Craft Brew Alliance Comes to Blues City Brewery

By Don Wade


The brewery, at 5151 E. Raines Road, got its start under Stroh’s and later was owned by Coors. Now, Craft Brew Alliance brands such as Kona Longboard Lager and Redhook are rolling off the lines.

City Brewing Co. bought the 1.3 million-square-foot facility for $30 million in 2011 from Hardy Bottling Co.; at the time, the brewery portion of the plant had been dry for years.

Blues City doesn’t discuss its specific customers, which plant manager Tom Brouillette described as “a few large” and “many small.” But he called the partnership with CBA a “perfect fit.”

Leon Fyfe, who is brewery operations manager here for Craft Brew Alliance, agreed.

“When Coors had in it the 1990s, they dumped a bunch of money into it, gave it a modern brewery makeover with all the bells and whistles,” Fyfe said. “We want to make high-quality beer as safely and efficiently as possible and we kind of look at ourselves as on-site consultants.”

Brouillette says CBA’s influence was a game-changer: “It made us a much better brewery.”

While Craft Brew Alliance employs two people in Memphis, including Fyfe, it utilizes City Brewing’s staff of 260 employees. The plant brews and packages five days a week, and sometimes a sixth, Brouillette said.

Fyfe, however, is in charge of brewing the CBA brands: “I run the process. I’m making the beer.”

Craft Brew Alliance, which reported net sales of $58.5 million in the second quarter, a 3 percent increase over the second quarter of 2014, was formed in 2008 with the merger of two Pacific Northwest craft brewers – Seattle-based Redhook Brewery and Portland, Ore.-based Widmer Brothers Brewing.

Kona Brewing Co., Hawaii’s oldest and largest craft brewery, joined the Alliance a short time later.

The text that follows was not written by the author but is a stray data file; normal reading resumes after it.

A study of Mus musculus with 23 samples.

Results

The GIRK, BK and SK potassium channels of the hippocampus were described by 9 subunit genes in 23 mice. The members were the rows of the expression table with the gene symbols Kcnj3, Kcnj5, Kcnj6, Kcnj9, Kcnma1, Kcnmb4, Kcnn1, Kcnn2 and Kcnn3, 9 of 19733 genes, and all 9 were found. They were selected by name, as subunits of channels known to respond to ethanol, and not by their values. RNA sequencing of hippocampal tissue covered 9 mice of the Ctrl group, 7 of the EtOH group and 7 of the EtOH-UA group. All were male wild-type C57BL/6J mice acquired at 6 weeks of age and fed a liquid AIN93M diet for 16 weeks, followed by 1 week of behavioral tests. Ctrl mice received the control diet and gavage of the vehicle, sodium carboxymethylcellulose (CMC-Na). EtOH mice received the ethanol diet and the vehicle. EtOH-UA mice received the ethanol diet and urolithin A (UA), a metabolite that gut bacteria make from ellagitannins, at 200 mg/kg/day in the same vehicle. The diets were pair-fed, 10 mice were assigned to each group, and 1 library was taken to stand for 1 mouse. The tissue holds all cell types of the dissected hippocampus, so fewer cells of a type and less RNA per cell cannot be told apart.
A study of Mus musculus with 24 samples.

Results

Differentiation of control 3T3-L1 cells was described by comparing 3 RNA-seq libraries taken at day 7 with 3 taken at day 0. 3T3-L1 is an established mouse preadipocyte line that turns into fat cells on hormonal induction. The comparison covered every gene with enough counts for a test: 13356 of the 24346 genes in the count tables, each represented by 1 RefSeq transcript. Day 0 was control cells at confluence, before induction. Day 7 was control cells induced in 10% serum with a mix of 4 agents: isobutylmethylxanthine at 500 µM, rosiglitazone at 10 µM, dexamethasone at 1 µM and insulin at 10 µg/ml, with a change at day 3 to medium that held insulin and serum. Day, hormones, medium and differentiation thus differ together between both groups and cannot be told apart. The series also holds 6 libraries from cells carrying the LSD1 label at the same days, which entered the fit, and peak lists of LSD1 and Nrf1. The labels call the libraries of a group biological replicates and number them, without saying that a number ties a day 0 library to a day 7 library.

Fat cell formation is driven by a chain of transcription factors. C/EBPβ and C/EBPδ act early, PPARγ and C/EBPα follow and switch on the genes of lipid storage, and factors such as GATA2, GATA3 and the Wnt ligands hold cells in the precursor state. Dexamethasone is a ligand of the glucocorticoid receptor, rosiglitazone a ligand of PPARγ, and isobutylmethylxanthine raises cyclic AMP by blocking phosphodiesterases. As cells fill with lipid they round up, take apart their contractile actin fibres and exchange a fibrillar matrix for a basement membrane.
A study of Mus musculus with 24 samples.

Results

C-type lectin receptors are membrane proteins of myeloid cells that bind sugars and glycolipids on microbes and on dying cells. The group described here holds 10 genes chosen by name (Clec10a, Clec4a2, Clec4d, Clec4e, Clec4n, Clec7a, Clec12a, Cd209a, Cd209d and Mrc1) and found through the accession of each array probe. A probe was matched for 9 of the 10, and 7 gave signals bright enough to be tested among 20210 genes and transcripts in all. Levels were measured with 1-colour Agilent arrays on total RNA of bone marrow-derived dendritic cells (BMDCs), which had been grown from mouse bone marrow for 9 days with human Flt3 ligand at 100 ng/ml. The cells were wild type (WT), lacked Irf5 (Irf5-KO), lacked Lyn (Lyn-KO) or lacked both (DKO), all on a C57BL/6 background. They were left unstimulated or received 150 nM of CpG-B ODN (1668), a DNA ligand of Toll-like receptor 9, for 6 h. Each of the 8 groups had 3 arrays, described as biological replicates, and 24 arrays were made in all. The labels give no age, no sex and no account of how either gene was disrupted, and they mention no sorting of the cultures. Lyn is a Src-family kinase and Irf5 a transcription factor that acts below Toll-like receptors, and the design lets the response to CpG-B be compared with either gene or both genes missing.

Fyfe says CBA’s arrangement with Blues City is not unique.

“There are a variety of brewery platforms like this across the United States,” he said. “We didn’t start out to set ourselves up as a contract brewer.”

Memphis, however, was attractive not only because of the facility and operation, but also its location far from Craft Brew Alliance’s home markets in Hawaii, Oregon and Washington.

“For us, the quality of the beer is paramount,” Fyfe said. “The goal is to supply locally as much as we can.”

Blues City’s plant also was appealing because in addition to bottles and kegs, it can produce a large volume of cans. Previously, that might not have mattered to a craft brewer. But recently craft beer customers have proven they are accepting of the canned product.

“This place had a lot of capability,” Fyfe said of Blues City.

Back in the early days, when the plant on E. Raines Road was just making working-man’s beers such as Stroh’s and Schlitz that’s about what one could expect to find in grocery stores – along with other macro beers such as Budweiser.

Now, the beer cases at the grocery store take up a lot more room and the market is flush with new craft players. A craft beer connoisseur almost needs a scorecard to keep track.

“It’s a lot more competitive,” Fyfe said. “Every time I’m at a brewing conference all they talk about is the growth of the business and the permits for opening new breweries.”